Art Journaling for Self Care

Art journaling is my number one go to for self care. I juggle a pretty busy schedule with hats of mother to teenagers, wife, partner in a small business and art therapist. Some days my mind (and body) feels chaotic as I flip between my many tasks. I thrive on meaningful work (paid and unpaid) and my schedule isn’t overloaded, but there is a always a fine line between busy and productive and an out of control schedule that is overwhelming and soul destroying.

Art journaling is very visual and uses much sensory input and both hemispheres of our brains. As colours appear onto the page from my pencil or when I watch watercolours dry from shiny to matte there is an unprecedented soothing and calming. The art mediums just connects with emotions and invites such free expression and clarity. The most effective art journaling is when we pair artistic expression with writing our thoughts and experiences out.

Although art journaling does not replace sessions with an art therapist, it can be a helpful adjunct to managing worry and stress, anxiety, depression or chaotic thinking (just to name a few). Though there is no right or wrong way to art journal, there are some things that will dramatically increase the therapeutic benefits and give you confidence to fill blank pages. A facilitated Expressive Art Journaling group is a great way to start.  Art Journaling is one of my passions as an art therapist and I’d love to spend time with you sharing my knowledge and guiding you in this practise. Today is a great day to start your future.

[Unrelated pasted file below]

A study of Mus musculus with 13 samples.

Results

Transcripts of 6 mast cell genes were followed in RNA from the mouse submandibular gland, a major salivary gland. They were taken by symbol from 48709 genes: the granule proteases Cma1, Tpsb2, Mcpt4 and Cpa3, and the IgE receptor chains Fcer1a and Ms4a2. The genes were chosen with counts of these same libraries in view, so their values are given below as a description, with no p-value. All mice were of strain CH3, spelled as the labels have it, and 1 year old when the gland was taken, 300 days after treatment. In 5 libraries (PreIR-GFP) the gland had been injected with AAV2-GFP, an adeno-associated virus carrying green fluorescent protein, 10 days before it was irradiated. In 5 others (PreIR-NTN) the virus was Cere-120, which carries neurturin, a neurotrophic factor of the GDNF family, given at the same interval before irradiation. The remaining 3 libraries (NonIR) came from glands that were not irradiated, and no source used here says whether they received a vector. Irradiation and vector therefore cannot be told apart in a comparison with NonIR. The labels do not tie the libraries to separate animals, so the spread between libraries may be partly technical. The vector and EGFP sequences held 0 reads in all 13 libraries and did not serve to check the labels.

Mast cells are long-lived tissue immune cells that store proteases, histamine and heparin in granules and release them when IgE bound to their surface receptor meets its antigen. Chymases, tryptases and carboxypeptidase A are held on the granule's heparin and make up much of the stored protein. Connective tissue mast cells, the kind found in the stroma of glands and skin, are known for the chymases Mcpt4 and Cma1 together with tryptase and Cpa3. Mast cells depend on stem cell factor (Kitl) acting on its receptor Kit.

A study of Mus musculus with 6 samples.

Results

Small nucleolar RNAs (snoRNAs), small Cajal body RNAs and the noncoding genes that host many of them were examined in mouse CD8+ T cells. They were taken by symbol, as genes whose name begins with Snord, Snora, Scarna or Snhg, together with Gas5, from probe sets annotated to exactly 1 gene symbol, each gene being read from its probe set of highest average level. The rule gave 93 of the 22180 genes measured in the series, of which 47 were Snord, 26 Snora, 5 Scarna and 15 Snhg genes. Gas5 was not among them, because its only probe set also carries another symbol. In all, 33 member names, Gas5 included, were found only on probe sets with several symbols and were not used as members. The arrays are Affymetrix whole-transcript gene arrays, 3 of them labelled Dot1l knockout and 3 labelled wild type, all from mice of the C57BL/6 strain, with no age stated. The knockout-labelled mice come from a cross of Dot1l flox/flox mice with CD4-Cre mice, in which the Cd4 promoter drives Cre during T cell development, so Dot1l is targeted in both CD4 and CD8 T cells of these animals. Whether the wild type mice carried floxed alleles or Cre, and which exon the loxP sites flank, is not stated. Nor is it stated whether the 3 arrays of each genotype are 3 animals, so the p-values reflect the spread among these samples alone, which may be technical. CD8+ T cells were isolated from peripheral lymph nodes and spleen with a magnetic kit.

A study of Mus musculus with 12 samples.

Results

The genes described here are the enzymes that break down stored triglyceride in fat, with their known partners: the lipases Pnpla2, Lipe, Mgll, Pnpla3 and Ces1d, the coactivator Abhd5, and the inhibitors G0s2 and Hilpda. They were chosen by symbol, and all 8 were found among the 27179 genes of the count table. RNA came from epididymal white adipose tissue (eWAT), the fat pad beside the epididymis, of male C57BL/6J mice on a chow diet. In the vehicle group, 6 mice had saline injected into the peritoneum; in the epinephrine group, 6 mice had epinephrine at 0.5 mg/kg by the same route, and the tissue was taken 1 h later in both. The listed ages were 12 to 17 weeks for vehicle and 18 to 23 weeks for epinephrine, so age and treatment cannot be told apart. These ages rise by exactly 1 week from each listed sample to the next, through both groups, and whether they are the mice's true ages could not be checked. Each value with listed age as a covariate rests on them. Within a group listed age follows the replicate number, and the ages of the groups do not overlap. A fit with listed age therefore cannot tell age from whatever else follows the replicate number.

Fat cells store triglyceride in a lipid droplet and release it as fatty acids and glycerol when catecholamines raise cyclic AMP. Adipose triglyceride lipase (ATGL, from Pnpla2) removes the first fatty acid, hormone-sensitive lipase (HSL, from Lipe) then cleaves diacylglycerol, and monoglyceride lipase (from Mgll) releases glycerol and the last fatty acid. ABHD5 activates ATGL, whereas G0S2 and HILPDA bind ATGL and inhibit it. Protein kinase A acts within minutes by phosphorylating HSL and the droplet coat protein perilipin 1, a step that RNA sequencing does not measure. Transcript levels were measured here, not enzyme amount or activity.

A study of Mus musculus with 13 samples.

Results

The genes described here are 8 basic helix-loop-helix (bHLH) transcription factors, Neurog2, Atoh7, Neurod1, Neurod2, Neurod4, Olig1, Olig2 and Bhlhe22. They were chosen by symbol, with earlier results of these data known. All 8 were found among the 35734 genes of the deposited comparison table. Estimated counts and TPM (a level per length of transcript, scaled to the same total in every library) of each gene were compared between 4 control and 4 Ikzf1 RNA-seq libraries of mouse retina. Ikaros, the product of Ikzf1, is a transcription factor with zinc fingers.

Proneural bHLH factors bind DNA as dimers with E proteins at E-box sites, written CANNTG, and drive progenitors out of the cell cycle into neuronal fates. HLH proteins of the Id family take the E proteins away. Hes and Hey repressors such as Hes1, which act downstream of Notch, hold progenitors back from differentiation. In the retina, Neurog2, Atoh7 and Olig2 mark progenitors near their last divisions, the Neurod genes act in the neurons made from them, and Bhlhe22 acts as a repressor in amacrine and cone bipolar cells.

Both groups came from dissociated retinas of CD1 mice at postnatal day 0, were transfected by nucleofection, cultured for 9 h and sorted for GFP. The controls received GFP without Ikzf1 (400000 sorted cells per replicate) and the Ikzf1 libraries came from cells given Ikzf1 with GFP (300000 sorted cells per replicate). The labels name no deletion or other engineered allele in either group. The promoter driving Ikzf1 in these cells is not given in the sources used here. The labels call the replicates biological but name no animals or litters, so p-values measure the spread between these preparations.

You can book into the next Expressive Art Journaling group via facebook or the kaleidoscope art therapy. Places are limited so don’t delay, all my groups are capped at 6 participants. 


Rochelle Melville

Rochelle Melville is an art therapist and intentional creative. Rochelle works from Pathways to Expression in Bald Hills facilitating individual and group sessions and is available to facilitate workshops in the community.